On the fourth Friday of every month, Fourth Street’s iconic “Retro Row” celebrates small businesses through an open market supported by their business improvement district, known as BID.
The BID is the only one in Long Beach that comprises 100% volunteers, primarily those who own businesses on the street. It collects a small fee from participating businesses on Fourth, which funds things like advertising and event planning.
Small businesses along other prominent businesses on Fourth Street, like Songbird or La Bamba, set up tables along the sidewalk for guests to browse. The businesses homed on Fourth can invite small businesses they know to set up a booth in front of their stores.
For stores that don’t invite small businesses themselves, the BID provides pop-ups to set up in front of the stores.
The vendors often relate to the theme of that month’s Fourth Friday. For December, the theme was holidays and Lunar New Year for January.
In honor of February being Black History Month, Fourth Friday followed suit featuring Black artists and Black-owned businesses.
However, the weather conditions on Feb. 24 postponed the market until Saturday, March 11, during the daytime rather than its usual afternoon spot.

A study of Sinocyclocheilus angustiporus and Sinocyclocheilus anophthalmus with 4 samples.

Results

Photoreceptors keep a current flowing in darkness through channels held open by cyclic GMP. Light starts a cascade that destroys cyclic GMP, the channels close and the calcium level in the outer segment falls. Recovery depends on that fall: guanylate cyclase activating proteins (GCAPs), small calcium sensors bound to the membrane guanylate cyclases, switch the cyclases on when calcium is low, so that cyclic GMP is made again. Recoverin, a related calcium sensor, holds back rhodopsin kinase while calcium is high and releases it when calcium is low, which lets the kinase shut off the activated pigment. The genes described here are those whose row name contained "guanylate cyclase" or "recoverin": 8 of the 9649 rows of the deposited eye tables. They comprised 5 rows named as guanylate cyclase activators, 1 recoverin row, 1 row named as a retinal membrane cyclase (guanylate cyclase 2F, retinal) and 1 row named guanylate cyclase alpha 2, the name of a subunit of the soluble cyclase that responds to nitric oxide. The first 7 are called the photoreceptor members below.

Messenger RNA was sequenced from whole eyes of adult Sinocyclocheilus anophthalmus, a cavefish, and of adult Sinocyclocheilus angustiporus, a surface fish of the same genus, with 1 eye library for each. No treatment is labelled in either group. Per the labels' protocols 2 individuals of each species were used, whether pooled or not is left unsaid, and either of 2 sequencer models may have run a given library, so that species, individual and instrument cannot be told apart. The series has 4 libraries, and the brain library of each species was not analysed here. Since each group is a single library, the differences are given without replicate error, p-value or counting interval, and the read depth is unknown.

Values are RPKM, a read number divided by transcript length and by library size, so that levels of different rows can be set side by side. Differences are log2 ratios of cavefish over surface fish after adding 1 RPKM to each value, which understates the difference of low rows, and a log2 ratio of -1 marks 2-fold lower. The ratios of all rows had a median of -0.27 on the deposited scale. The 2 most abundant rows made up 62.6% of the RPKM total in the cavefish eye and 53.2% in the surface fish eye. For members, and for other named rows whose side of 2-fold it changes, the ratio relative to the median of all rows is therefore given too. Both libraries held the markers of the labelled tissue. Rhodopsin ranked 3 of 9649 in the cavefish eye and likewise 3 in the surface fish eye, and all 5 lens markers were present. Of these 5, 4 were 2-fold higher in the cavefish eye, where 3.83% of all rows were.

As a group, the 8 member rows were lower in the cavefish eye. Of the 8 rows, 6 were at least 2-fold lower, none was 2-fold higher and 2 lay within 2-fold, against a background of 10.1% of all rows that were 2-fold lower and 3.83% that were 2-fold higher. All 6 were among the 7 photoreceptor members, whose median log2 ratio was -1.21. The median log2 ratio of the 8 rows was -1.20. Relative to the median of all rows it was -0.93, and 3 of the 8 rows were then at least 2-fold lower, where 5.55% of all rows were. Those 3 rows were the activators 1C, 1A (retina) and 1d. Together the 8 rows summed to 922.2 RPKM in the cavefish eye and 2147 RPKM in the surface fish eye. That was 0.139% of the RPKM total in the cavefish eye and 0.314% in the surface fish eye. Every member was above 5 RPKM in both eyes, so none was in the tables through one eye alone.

February’s Fourth Friday being postponed will not affect March’s Fourth Friday, which will be held on March 24.
In celebration of Black History, the Dembrebrah Drum and Dance Ensemble performed at the rescheduled event.
Along with the Dembrebrah Drum and Dance Ensemble, Fourth Friday highlighted Black-owned businesses on its Instagram, including Level Up Barber Studio, Earthing and Native Sol.
Omari Hudson, 35, is the owner of Level Up Barber Studio, which offers services from hair braiders, cosmetologists, and “locticians.” Opening up during a pandemic, Hudson found Fourth Street to be a place where he could bring a Black presence to the already diverse street.
“Everyone gets along, you know,” Hudson said. “We had Black History Month last month. This month’s Women’s Appreciation Month. There’s going to be LGBTQ month coming up soon. So everyone supports everyone else, especially with what’s near and dear to them.”
Tyrone Ward, 52, is the owner of Earthing and Native Sol, which feature lifestyle and sustainable goods, vintage items and handmade jewelry. Earthing is a shop featuring vintage home decor, plants, textiles and sustainable maker goods. Native Sol is a lifestyle shop that carries handmade jewelry and vintage items.
Ward initially pitched Fourth Fridays to the Fourth Street BID. Originally his first Shop Native Sol was a pop-up food shop with his wife’s, May Ward, handmade clothing and jewelry sold on the side.
Experienced in pop-up markets, Ward continued to do a pop-up in front of his storefront every fourth Friday of the month. Eventually, neighboring businesses noticed and asked to participate. This snowballed into the BID-approved event we see today.
“I think it gives them [Long Beach residents] a chance to see some new things that they don’t normally see besides the store,” said Ward. “And then it also gives us an opportunity to connect people.”